Headwinds for ‘Ramaphoria’ as local, global economic fortunes change
By Gareth van Zyl
Just a few months ago, South Africa looked like a different country as ‘Ramaphoria’ gripped the nation amid Cyril Ramaphosa’s rise as leader of the ANC and the country.
It was only as recently as March 2018 that the rand was rallying, South African bond yields had started falling, inflation had decreased and Nhlanhla Nene had just returned as finance minister.
In his first State of the Nation Address in February, Ramaphosa said “we should put all the negativity that has dogged our country behind us because a new dawn is upon us.” An atmosphere of optimism gripped the country.
But since then, several factors have become headwinds for Ramaphoria. Analysts were shocked by a first quarter GDP figure that contracted by 2.2%, marking the largest quarter-on-quarter decline since 2009. Meanwhile, the rand has weakened substantially in recent months, partly owing to an emerging market rout as well as concerns over new tariffs implemented in the US.
Ramaphosa’s ability to deal with these local and global issues will ultimately rest on how he handles three key challenges.
The first is the size of his victory at the ANC’s elective conference in December – it was only 179 votes that separated Ramaphosa from Nkosazana Dlamini-Zuma.
Ramaphosa currently has a slight majority in the party, but any reforms could be tempered by a rival grouping seen to be sympathetic with former president Jacob Zuma.
If Ramaphosa wants a bigger backing in the ANC, he would likely need a convincing victory in next year’s general election. Early polls indicate that the ANC could secure over 50% of the vote, but it’s still too early to tell.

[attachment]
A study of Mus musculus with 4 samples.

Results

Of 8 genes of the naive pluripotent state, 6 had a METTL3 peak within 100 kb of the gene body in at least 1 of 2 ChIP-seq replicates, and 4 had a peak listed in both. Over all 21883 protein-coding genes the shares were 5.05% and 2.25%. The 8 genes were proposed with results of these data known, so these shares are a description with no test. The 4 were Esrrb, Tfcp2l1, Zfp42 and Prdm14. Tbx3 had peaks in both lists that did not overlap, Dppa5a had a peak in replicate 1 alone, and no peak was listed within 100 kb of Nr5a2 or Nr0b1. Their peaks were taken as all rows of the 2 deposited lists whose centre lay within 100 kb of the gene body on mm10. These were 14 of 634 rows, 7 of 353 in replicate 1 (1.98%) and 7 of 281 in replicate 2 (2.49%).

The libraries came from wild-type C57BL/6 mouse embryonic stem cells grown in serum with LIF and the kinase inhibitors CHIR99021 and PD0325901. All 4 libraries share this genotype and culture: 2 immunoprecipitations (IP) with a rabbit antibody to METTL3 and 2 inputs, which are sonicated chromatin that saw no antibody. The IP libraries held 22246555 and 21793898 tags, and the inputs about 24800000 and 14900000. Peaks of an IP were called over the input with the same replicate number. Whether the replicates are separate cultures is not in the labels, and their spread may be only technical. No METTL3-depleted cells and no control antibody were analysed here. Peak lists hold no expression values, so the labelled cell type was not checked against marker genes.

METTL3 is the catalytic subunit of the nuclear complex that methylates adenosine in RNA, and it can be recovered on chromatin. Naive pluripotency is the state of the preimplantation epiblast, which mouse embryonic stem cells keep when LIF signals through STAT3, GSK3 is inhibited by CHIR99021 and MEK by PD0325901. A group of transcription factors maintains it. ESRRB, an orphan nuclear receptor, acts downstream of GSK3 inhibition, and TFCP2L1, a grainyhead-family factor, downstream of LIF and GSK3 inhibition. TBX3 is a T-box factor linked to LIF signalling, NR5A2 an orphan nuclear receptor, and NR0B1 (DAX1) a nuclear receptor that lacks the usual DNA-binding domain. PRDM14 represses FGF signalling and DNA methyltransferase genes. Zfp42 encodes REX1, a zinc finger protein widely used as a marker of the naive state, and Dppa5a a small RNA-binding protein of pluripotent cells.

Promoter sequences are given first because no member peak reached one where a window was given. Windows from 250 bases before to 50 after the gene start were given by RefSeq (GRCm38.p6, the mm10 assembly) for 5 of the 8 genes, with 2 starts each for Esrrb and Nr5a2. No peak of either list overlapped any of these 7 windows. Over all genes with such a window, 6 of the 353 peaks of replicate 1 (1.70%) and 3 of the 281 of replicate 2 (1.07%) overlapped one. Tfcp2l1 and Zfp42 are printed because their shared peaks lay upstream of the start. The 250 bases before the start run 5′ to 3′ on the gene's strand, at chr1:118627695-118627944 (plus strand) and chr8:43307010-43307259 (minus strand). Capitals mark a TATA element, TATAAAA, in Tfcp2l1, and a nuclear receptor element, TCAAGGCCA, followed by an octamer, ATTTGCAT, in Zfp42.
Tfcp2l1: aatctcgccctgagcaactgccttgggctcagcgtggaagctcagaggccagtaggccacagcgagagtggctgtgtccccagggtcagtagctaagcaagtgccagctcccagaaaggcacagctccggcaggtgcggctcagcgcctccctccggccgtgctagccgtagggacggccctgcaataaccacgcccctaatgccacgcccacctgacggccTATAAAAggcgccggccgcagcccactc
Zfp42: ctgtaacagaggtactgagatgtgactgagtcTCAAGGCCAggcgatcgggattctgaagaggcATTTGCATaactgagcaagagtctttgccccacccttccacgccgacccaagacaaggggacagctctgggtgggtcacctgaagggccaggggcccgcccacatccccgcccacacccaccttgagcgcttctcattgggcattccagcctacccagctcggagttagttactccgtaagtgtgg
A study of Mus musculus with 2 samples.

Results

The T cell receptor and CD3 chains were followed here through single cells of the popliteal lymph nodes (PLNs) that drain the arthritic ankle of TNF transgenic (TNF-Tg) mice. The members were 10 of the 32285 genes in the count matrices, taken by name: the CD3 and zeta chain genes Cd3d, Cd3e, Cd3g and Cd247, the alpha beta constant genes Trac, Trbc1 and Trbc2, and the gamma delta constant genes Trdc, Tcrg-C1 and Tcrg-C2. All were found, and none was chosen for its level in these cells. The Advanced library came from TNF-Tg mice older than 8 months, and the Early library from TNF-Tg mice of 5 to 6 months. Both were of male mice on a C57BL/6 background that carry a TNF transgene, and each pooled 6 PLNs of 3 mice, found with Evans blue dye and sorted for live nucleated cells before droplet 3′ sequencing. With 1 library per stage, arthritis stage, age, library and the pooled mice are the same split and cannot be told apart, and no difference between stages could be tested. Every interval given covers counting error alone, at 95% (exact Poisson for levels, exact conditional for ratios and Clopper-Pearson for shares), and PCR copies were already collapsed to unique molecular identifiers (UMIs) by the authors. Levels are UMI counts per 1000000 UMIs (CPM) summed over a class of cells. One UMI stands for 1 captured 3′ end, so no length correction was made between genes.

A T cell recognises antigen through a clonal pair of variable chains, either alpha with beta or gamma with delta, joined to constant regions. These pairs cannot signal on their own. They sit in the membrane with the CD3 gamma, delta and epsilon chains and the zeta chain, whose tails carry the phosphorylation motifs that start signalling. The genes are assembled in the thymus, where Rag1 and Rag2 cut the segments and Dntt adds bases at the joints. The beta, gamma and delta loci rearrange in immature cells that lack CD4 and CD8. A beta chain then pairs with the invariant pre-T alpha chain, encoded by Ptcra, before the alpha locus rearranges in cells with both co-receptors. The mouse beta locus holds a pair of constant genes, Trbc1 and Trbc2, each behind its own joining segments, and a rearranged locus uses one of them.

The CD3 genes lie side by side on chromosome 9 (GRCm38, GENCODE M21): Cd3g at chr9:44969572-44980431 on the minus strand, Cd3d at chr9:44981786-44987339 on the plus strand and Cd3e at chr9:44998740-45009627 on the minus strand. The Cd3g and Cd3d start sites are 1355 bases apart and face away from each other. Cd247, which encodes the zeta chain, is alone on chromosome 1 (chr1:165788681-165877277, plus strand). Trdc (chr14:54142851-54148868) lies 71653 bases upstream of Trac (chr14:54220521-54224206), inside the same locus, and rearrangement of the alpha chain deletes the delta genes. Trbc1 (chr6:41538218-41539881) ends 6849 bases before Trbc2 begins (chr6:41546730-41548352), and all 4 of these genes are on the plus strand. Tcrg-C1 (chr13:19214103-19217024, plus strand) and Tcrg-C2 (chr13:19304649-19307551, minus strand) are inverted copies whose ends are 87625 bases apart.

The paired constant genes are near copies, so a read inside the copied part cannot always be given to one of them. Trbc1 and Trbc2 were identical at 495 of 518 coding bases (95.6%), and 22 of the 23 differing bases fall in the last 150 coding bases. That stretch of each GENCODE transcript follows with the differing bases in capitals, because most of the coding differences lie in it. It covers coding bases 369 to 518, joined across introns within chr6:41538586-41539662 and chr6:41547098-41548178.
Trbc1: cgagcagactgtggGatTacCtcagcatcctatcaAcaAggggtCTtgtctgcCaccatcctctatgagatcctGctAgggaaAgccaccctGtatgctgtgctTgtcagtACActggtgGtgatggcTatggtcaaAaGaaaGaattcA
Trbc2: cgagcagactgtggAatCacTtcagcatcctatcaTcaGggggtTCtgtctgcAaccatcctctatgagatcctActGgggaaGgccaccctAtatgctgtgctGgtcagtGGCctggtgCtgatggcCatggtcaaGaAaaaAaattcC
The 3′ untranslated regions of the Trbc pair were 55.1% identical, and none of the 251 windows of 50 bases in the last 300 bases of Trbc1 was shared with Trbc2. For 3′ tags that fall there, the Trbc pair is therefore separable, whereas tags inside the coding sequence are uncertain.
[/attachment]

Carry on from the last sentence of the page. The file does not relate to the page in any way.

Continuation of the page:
The second major challenge facing Ramaphosa will be the issue of land expropriation without compensation.
A group of ANC members managed to push through this policy at the party’s December conference in a heated discussion. In February, a majority of MPs in Parliament adopted a resolution to explore changing Section 25 of the Constitution which deals with land rights.
Ramaphosa has said government won’t tolerate the smash-and-grab of land, yet a lack of clarity from the ANC on its position on the matter has caused some nervousness in the economy. The parliamentary committee tasked with the land question is expected to finish its work by September.
Finally, South Africa is not out of the woods yet when it comes to downgrades by credit rating agencies. Despite Moody’s reprieve, it (along with other rating agencies) has emphasised the need for faster growth. Moody’s has also raised red flags over uncertainty about land and the country’s new mining charter.
Even at Treasury’s upwardly adjusted forecast of 1.5% growth for 2018, the country’s Gross Domestic Product (GDP) increase is failing to keep pace with population growth of 1.6%. Subsequently, GDP per capita continues on a downward trajectory.
Ultimately, future prospects hinge on how Ramaphosa handles the curve balls thrown at him. The year 2018 can still turn out to be a much better than 2017, but all eyes will be on whether he can truly deliver on his promise of a new dawn for South Africa.
Gareth van Zyl is the deputy managing editor at BizNews.com. Prior to this he was also the Bureau Chief for Fin24.com’s Johannesburg office. A former tech journalist, Gareth now spends most of his days interviewing top CEOs, businesspeople and thought leaders in South Africa and across the globe.